An outbreak of avian influenza among people may cost China, the world's fastest-growing major economy, as much as US$87 billion, according to a study by the Asian Development Bank.
China, the second-biggest poultry-producing country, last week confirmed its first human fatalities from the H5N1 strain of bird flu. The disease, which has killed at least 67 people across Asia since December 2003, has caused farmers and animal health officials to slaughter more than 21 million birds in China this year.
Health authorities say human cases will climb as new outbreaks are reported among the country's 14.2 billion birds.
Human infections heighten concerns that the virus may mutate into a strain more easily passed between humans, leading to a pandemic that may kill millions.
"We need to be clear we're nowhere near a pandemic level, but we need to prepare and take precautionary measures," Asian Development Bank economist Chris Spohr said at a seminar sponsored by the American Chamber of Commerce in Beijing.
The bank estimates the cost of any pandemic to China's economy at between US$28 billion and US$87 billion. That equates to between 1.7 percent and 5.3 percent of the country's GDP.
The cost of any pandemic on the economies in Asia outside Japan may range from US$113 billion to US$300 billion, depending on when health officials are able to contain the virus and how quickly investors are able to recover from the psychological shock.
As many as three-quarters of multinational companies are concerned about avian flu and have taken precautionary measures, including formulating crisis management plans, said Christian van der Walt, director of the International Medical SOS for the China region, citing a Sept. 20 survey conducted by the medical company.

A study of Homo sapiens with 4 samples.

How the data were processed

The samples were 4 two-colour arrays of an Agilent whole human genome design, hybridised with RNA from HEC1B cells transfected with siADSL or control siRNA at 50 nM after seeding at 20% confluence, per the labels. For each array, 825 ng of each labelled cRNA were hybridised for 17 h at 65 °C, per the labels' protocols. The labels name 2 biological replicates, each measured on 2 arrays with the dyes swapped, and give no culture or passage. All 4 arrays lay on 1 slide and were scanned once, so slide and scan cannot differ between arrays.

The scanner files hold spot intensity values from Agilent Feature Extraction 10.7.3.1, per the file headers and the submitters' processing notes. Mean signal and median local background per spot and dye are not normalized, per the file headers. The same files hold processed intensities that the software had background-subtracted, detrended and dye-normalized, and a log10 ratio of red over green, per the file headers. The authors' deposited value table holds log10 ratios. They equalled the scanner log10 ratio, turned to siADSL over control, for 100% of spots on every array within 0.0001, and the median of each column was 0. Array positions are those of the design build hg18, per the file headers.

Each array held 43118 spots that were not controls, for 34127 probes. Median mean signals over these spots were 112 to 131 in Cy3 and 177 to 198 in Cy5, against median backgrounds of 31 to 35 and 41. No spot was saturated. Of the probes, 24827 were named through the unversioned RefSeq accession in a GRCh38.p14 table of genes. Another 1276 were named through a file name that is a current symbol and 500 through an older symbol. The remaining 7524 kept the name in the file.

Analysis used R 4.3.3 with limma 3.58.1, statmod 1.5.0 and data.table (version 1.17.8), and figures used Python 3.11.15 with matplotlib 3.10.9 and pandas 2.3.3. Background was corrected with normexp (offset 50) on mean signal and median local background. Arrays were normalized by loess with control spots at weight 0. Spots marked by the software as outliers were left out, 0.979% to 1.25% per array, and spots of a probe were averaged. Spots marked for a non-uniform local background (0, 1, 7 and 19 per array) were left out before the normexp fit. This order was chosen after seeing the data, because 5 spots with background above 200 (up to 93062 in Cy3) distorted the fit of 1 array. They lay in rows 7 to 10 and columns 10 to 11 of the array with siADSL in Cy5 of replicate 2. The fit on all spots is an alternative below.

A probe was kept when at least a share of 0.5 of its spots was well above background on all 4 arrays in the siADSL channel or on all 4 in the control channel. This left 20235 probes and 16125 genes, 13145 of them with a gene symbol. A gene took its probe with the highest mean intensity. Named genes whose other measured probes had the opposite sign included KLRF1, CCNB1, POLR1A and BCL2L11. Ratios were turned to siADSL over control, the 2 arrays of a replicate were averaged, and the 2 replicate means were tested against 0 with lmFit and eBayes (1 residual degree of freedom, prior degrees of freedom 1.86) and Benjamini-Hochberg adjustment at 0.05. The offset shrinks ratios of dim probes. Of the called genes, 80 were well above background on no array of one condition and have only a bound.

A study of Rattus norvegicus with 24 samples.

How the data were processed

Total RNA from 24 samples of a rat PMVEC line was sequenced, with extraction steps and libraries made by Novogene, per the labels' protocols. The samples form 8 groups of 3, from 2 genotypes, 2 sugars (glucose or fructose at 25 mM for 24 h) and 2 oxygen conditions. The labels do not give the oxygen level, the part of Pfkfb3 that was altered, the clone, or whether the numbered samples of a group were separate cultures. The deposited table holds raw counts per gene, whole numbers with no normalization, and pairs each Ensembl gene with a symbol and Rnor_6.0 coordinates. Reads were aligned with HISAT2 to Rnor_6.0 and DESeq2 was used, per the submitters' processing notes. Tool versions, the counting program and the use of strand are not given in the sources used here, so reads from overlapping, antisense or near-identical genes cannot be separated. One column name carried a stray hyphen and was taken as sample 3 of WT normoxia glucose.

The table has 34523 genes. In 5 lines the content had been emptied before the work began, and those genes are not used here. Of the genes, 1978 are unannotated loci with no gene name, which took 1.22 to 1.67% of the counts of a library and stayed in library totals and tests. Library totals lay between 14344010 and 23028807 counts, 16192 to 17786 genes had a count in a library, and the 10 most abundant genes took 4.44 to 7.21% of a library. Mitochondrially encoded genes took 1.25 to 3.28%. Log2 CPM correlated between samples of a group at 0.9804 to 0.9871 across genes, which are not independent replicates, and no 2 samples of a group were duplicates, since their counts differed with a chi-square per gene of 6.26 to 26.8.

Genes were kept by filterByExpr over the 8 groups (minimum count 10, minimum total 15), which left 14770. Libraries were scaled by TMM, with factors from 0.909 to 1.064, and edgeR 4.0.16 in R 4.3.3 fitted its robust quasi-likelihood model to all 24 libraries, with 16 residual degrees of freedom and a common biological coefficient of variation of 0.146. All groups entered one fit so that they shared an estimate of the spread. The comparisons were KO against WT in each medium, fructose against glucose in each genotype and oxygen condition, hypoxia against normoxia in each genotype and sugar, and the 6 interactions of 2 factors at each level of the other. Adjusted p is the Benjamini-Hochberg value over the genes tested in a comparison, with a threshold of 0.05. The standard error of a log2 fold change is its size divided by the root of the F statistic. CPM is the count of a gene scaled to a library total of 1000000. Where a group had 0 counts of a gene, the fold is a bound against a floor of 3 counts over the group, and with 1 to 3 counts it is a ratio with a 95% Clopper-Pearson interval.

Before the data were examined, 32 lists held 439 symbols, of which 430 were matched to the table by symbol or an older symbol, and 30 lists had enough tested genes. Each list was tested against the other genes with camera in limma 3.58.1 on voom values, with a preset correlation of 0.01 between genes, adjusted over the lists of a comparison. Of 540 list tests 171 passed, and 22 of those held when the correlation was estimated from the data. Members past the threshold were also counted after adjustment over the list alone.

"If bird flu were to reach epidemic levels, up to 20 percent of your workforce could be gone at any one time because they are sick or need to take care of family members," Van Der Walt said at the seminar.
Bird flu has infected at least 130 people in China, Cambodia, Indonesia, Thailand and Vietnam, the World Health Organization (WHO) said last Thursday. North Korea intensified quarantine controls and surveillance at borders, airports and port terminals, the official North Korean news agency said in a report yesterday, citing Kim Hyong-chol, a quarantine official.
"There is no need to panic," Henk Bekedam, the WHO's representative in China, said at the seminar in Beijing.
"The current virus is not easily transferable among humans, but we need to get ready. We have some time, but the time to get ready is now," he said.
Every company should begin forming crisis management committees and appoint a senior executive as the spokesman for the company during a crisis, said Scott Kronick, president of public relations firm Ogilvy Public Relations Worldwide in China, which is assisting companies with their emergency response plans.
The business community needs to be aware of the risks of avian flu and needs more information on how to prepare for any outbreak in China's cities, said American Chamber of Commerce chairman Emory Williams.